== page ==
Mind Trap by Martin Creed
9/10 ReviewBot300 Staff review, 25 April 2014

Best known for his controversial Turner Prize-winning installation 'Work No. 227: The lights going on and off', there's a lot more to multimedia artist Martin Creed than a light switching on and off. Here's his latest album of music, which features a selection of his charming minimal pop ditties and three of his numbered works - orchestral compositions on this occasion.

His song work is very charming. Each song is based around a simple bit of wordplay, using repetition and call-and-response and weird lolloping staccato rhythms, kind of a mixture of Laurie Anderson's brutal lyrical minimalism and Deerhoof's quirk-pop exuberance, along with a sly sense of humour that reminds me of David Shrigley's dabblings in the music world. It's punchy and catchy and thought-provoking, as he probes the human condition with a childlike curiosity.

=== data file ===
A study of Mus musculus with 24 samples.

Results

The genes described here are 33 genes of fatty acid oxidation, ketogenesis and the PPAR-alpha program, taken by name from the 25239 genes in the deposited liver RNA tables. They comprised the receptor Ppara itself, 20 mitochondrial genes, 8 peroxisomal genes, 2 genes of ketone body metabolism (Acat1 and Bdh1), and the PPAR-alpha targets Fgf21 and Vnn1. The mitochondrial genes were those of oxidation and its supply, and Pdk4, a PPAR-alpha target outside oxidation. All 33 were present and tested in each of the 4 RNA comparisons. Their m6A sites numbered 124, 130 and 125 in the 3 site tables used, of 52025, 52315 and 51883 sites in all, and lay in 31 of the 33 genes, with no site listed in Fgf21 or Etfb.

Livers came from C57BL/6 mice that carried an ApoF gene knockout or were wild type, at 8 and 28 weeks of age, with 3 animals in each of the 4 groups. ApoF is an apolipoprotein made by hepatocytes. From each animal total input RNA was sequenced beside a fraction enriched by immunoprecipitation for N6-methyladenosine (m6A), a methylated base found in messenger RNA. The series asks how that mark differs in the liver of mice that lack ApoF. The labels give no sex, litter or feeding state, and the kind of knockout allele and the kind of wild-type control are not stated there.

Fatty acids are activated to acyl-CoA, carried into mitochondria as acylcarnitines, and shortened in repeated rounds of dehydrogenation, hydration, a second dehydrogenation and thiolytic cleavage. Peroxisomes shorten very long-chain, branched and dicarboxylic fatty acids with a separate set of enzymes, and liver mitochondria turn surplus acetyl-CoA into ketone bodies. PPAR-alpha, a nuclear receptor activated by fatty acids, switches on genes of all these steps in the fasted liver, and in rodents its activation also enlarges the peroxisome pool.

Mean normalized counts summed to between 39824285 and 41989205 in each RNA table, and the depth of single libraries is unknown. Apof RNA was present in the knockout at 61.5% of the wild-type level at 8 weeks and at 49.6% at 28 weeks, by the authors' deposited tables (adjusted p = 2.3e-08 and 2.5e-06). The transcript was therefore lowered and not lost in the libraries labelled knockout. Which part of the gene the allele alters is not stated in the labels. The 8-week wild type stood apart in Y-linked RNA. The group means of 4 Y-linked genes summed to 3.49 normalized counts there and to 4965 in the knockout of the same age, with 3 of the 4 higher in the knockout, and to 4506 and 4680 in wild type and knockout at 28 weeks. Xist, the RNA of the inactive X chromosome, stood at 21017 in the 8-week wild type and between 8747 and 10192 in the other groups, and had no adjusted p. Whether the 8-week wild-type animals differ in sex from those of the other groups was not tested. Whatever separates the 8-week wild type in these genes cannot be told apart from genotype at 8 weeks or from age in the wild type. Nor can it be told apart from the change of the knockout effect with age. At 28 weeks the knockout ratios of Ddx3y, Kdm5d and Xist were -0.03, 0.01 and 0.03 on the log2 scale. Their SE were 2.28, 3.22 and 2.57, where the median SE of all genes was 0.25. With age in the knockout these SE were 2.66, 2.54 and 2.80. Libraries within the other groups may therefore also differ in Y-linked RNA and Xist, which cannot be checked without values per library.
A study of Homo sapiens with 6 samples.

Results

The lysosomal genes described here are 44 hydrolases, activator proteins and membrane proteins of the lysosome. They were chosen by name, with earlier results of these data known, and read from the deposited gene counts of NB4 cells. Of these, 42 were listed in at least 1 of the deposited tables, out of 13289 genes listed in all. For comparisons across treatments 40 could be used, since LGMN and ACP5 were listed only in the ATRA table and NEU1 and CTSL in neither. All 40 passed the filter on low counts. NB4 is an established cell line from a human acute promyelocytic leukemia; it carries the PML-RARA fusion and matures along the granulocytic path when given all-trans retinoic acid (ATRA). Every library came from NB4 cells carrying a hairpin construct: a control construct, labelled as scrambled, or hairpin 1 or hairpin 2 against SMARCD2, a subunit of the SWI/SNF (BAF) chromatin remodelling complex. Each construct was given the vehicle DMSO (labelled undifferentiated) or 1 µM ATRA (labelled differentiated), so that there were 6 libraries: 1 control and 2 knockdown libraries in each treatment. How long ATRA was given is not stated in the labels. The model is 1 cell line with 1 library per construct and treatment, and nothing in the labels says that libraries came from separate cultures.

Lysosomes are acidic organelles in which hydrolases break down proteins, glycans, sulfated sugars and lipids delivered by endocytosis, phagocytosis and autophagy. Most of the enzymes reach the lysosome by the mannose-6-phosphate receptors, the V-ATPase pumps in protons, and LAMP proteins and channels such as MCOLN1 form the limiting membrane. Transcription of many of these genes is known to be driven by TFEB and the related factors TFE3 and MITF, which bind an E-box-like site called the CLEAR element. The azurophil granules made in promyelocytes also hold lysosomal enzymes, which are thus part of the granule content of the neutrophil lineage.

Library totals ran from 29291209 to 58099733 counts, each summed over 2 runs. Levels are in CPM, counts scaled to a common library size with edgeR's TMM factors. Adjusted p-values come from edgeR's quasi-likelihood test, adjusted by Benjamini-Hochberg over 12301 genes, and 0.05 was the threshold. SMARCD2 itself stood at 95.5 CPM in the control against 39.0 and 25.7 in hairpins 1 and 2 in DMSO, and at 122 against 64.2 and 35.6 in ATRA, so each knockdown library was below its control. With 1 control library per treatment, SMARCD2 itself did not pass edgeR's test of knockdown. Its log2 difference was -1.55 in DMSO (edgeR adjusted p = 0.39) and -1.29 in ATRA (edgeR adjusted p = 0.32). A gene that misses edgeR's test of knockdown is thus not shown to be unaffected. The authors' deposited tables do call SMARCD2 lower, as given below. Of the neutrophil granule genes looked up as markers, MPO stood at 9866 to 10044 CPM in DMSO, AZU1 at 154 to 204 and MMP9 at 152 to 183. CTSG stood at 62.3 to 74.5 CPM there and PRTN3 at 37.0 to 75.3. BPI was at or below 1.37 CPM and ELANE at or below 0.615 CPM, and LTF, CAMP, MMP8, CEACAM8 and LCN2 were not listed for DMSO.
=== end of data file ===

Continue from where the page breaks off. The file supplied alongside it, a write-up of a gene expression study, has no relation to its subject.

The second side contains the orchestral works, opening with the album's title track which kind of bridges the two sections in charming and catchy fashion - for my money one of the most affecting of the vocal pieces here. The three works which follow are dryer and less humorous but still make use of the same techniques of simplicity, repetition, call-and-response and passing melodies around between different parts of the orchestra. They're not as naive sounding as I'd anticipated from his song works and actually often quite dramatic and stirring.

The way the album is structured means the two sides are wildly different and you almost feel like you're listening to two separate records. Overall, though, it's likeable and human and unusual and I'd listen to it again.